This post was adapted from an article written by ASA for Austin MD Magazine. Read the full issue online.
In 1981, a cluster of gay men came down with rare forms of pneumonia and skin cancer. It was soon discovered that these “opportunistic infections”—illnesses that take advantage of a weak immune system—were part of a mysterious underlying disease that affected only certain populations.
The term AIDS (acquired immunodeficiency syndrome) was officially introduced in 1982, but it would be a few more years until the virus itself was named: HIV (human immunodeficiency virus). Fear was rampant in those early years.
As doctors and scientists studied how the disease spread, they realized it only passed through bodily fluids, and that common contact could not infect a person. However, public alarm did not diminish. In 1985, a young boy named Ryan White was banned from attending his middle school after parents and teachers learned he was HIV-positive. Other people faced similar stigma, and few were willing to publicly disclose their status.
In those early years, many organizations like ASA were founded mostly to provide comfort, strength, and social support during a person’s last days. But in 1987, a new hope arrived as interest was renewed in an anti-retroviral drug developed in the 1960s called AZT. After promising trials, the drug was approved for use in record time and the effects were clear: No longer were people dying from opportunistic infections.
However, the cost and side effects of the drug were severe enough that it barely seemed better than the disease. Over the next few years, the FDA approved a steady stream of other drugs designed to combat opportunistic infections, but not many to fight the virus. They also approved using AZT to prevent transmission from mother to child. But the treatments were limited.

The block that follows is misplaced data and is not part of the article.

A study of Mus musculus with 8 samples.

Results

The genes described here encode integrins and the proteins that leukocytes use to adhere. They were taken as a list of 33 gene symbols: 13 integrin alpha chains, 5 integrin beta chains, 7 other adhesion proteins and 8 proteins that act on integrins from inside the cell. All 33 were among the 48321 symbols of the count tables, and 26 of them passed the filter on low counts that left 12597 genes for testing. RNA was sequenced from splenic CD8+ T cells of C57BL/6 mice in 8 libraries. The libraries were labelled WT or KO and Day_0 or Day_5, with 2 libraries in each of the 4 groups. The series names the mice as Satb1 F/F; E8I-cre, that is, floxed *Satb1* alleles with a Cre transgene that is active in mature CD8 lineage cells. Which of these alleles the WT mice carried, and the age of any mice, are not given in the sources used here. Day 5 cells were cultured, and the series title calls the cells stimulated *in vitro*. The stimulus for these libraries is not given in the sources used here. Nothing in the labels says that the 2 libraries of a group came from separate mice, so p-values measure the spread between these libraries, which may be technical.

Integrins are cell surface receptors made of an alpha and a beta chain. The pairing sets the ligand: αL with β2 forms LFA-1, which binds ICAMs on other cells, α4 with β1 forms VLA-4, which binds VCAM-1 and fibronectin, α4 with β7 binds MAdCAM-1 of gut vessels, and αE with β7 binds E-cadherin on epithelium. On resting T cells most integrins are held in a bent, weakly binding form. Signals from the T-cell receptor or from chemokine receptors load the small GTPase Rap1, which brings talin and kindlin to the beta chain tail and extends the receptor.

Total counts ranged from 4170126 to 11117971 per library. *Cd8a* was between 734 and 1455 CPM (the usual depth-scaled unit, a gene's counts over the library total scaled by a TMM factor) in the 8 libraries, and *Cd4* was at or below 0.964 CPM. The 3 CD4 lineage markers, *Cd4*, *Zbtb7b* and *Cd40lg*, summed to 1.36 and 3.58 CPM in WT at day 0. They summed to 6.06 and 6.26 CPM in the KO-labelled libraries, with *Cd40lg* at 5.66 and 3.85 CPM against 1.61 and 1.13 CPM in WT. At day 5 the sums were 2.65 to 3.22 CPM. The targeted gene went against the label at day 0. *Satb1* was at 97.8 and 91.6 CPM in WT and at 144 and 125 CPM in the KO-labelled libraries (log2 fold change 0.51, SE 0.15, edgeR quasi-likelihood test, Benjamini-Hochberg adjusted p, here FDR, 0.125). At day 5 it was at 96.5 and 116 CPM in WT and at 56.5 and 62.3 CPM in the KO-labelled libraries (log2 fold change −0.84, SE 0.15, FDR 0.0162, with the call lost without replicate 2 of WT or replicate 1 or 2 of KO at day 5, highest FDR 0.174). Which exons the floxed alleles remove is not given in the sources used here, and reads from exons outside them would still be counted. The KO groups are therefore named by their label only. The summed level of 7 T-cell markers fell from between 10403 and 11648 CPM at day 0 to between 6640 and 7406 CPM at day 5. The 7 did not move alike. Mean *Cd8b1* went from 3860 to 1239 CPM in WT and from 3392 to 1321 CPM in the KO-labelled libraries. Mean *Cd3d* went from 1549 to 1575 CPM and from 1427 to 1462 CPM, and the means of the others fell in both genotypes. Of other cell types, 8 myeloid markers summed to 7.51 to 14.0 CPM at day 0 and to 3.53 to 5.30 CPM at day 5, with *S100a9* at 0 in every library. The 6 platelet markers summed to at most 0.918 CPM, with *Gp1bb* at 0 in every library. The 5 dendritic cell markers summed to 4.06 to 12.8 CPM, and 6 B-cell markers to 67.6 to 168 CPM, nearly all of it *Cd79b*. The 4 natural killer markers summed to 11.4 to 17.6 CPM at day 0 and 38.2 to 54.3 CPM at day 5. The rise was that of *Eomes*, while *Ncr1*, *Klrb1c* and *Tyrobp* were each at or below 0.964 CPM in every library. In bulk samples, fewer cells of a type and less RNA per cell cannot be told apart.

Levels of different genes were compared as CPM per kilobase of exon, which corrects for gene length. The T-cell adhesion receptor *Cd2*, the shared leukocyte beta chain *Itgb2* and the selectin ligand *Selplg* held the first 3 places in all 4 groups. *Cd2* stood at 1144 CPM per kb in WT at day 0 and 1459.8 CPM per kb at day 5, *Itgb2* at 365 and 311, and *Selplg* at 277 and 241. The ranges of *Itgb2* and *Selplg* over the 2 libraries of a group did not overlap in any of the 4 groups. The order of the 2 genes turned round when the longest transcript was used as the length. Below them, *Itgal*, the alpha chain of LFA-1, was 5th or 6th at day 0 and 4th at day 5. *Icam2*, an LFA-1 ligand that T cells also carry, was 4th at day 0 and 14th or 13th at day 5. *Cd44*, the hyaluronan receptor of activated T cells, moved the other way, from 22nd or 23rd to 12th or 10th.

More than a decade after HIV was first discovered, a new breakthrough finally made treatment a safer and more secure option. This drug, a protease inhibitor approved by the FDA in 1995, targeted HIV’s replication. Soon, treatment evolved into Highly Active Antiretroviral Therapy (HAART), which relied on a “cocktail” of drugs to target different aspects of the virus.
The new century brought us new technologies and drug formulations. Doctors could select drugs and combinations based on the strain of the virus, and the combinations reduced the burden on the patient. Unlike the high doses of AZT, the new lower-dose combination medications allowed people to live healthier, active lives.
In addition to new drugs for treating HIV, government and non-profit agencies started to focus on prevention and education strategies. In 2010, the Obama administration released the National HIV/AIDS Strategy, which proposed a new goal: to create an AIDS-free generation. HIV and AIDS organizations are now working on three fronts to fight the epidemic:
- get people tested to know their status and get into care;
- keep people in care to reduce their viral load and reduce the chance of spreading it to others; and
- working with both HIV-positive and HIV-negative people to encourage safer behaviors.